In a program that uses the main function, _environ is initialized at program startup according to settings taken from the operating-system environment. The environment consists of one or more entries of the form
getenv_s and putenv_s use the _environ variable to access and modify the environment table. When _putenv is called to add or delete environment settings, the environment table changes size. Its location in memory may also change, depending on the program's memory requirements. The value of _environ is automatically adjusted accordingly.
The _wenviron variable, declared in Stdlib.h as:
extern wchar_t **_wenviron;
is a wide-character version of _environ. In a program that uses the wmain function, _wenviron is initialized at program startup according to settings taken from the operating-system environment.
In a program that uses main, _wenviron is initially NULL because the environment is composed of multibyte-character strings. On the first call to _wgetenv or _wputenv, a corresponding wide-character string environment is created and is pointed to by _wenviron.
Similarly, in a program that uses wmain, _environ is initially NULL because the environment is composed of wide-character strings. On the first call to _getenv or _putenv, a corresponding multibyte-character string environment is created and is pointed to by _environ.
When two copies of the environment (MBCS and Unicode) exist simultaneously in a program, the run-time system must maintain both copies, resulting in slower execution time. For example, whenever you call _putenv, a call to _wputenv is also executed automatically, so that the two environment strings correspond.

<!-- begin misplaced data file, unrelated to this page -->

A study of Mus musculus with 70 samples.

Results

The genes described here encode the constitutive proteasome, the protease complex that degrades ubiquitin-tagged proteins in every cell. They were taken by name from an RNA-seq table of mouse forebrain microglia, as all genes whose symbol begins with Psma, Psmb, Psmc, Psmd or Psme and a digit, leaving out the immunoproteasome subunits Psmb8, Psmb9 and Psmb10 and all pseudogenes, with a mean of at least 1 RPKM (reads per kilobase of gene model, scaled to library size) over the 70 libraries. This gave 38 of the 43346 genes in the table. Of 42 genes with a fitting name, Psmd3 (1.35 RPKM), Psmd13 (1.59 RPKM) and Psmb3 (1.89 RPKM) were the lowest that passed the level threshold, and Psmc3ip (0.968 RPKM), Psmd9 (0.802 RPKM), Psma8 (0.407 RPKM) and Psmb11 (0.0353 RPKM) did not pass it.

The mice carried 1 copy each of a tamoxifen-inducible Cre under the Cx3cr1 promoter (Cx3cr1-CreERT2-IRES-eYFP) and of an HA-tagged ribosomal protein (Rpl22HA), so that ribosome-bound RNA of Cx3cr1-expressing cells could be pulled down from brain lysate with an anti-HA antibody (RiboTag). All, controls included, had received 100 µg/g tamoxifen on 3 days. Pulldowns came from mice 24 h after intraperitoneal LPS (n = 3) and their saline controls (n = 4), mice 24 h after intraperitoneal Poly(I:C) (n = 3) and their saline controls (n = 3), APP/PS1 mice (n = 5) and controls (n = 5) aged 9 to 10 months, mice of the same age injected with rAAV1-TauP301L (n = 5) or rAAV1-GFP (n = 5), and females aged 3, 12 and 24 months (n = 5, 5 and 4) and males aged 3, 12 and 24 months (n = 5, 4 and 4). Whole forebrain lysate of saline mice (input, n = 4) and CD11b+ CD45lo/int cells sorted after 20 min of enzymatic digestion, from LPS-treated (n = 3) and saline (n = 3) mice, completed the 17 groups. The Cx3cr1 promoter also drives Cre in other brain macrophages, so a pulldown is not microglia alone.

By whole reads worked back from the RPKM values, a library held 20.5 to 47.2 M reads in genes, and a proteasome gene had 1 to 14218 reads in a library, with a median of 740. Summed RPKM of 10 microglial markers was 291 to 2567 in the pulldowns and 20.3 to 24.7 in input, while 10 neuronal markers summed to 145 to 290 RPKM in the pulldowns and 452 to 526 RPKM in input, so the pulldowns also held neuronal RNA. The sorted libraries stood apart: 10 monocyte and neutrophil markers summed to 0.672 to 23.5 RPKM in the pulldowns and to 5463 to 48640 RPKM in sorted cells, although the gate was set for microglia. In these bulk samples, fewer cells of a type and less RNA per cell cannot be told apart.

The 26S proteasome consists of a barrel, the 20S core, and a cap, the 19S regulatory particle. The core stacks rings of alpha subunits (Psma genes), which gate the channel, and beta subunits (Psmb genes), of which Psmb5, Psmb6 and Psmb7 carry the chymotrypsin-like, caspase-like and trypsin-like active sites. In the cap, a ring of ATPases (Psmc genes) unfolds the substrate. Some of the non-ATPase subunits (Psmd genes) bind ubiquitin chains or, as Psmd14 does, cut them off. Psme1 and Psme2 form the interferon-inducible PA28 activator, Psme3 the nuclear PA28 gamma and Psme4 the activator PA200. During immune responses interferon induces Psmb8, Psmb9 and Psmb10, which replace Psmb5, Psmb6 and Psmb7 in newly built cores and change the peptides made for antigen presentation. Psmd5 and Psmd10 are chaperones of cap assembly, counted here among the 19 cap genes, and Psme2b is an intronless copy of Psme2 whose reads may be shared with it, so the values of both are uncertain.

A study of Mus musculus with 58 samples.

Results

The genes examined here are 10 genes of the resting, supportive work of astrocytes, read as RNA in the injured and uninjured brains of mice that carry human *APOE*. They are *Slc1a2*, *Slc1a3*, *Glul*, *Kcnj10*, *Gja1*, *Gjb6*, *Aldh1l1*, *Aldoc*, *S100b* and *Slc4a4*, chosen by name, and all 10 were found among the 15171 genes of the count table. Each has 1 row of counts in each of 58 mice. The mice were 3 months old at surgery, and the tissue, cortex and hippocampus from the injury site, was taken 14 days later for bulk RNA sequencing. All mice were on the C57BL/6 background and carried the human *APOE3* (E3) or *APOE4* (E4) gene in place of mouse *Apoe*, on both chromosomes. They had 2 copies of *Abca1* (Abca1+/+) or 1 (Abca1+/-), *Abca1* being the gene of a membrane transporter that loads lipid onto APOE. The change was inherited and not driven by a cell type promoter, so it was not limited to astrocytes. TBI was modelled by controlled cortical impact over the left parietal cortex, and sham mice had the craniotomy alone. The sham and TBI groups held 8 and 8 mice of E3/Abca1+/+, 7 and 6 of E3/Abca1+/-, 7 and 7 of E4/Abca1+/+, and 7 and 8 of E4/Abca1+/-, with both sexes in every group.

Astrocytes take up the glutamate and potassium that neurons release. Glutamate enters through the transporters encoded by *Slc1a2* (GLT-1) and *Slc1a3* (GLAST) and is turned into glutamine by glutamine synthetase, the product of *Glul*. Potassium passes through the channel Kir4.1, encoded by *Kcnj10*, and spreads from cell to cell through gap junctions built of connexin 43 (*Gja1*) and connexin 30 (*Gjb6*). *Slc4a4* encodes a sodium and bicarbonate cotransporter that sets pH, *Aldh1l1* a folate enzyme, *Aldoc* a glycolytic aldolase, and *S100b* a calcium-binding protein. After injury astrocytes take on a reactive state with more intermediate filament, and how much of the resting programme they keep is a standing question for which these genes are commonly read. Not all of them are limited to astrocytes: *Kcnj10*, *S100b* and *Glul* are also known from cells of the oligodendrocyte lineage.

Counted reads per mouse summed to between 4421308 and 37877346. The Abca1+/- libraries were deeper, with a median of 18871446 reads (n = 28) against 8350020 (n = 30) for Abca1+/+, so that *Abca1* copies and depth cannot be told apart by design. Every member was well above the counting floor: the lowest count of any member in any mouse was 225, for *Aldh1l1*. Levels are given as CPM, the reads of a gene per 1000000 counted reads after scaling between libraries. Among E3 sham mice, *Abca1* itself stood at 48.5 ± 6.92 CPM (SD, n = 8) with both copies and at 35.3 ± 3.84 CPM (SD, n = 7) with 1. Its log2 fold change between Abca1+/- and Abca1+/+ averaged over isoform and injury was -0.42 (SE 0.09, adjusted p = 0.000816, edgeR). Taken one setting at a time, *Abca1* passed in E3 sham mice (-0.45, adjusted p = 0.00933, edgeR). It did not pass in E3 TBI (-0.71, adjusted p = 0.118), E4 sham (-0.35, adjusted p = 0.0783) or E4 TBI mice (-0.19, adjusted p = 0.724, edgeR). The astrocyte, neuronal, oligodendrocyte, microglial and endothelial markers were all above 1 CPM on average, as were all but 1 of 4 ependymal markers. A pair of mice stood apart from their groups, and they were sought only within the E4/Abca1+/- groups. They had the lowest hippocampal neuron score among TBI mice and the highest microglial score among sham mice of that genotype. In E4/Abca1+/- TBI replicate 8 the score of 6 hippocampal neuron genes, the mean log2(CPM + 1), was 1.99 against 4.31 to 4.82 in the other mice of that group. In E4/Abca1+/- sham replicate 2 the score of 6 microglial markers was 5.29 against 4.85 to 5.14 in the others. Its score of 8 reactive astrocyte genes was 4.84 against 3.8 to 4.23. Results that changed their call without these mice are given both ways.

In rare instances, when the run-time system is maintaining both a Unicode version and a multibyte version of the environment, these two environment versions might not correspond exactly. This is because, although any unique multibyte-character string maps to a unique Unicode string, the mapping from a unique Unicode string to a multibyte-character string is not necessarily unique. Therefore, two distinct Unicode strings might map to the same multibyte string.
Polling _environ in a Unicode context is meaningless when /MD or /MDd linkage is used. For the CRT DLL, the type (wide or multibyte) of the program is unknown. Only the multibyte type is created because that is the most likely scenario.
The following pseudo-code illustrates how this can happen.
int i, j; i = _wputenv( "env_var_x=string1" ); // results in the implicit call: // putenv ("env_var_z=string1") j = _wputenv( "env_var_y=string2" ); // also results in implicit call: // putenv("env_var_z=string2")
In the notation used for this example, the character strings are not C string literals; rather, they are placeholders that represent Unicode environment string literals in the _wputenv call and multibyte environment strings in the putenv call. The character placeholders 'x' and 'y' in the two distinct Unicode environment strings do not map uniquely to characters in the current MBCS. Instead, both map to some MBCS character 'z' that is the default result of the attempt to convert the strings.
Thus, in the multibyte environment, the value of "env_var_z" after the first implicit call to putenv would be "string1", but this value would be overwritten on the second implicit call to putenv, when the value of "env_var_z" is set to "string2". The Unicode environment (in _wenviron) and the multibyte environment (in _environ) would therefore differ following this series of calls.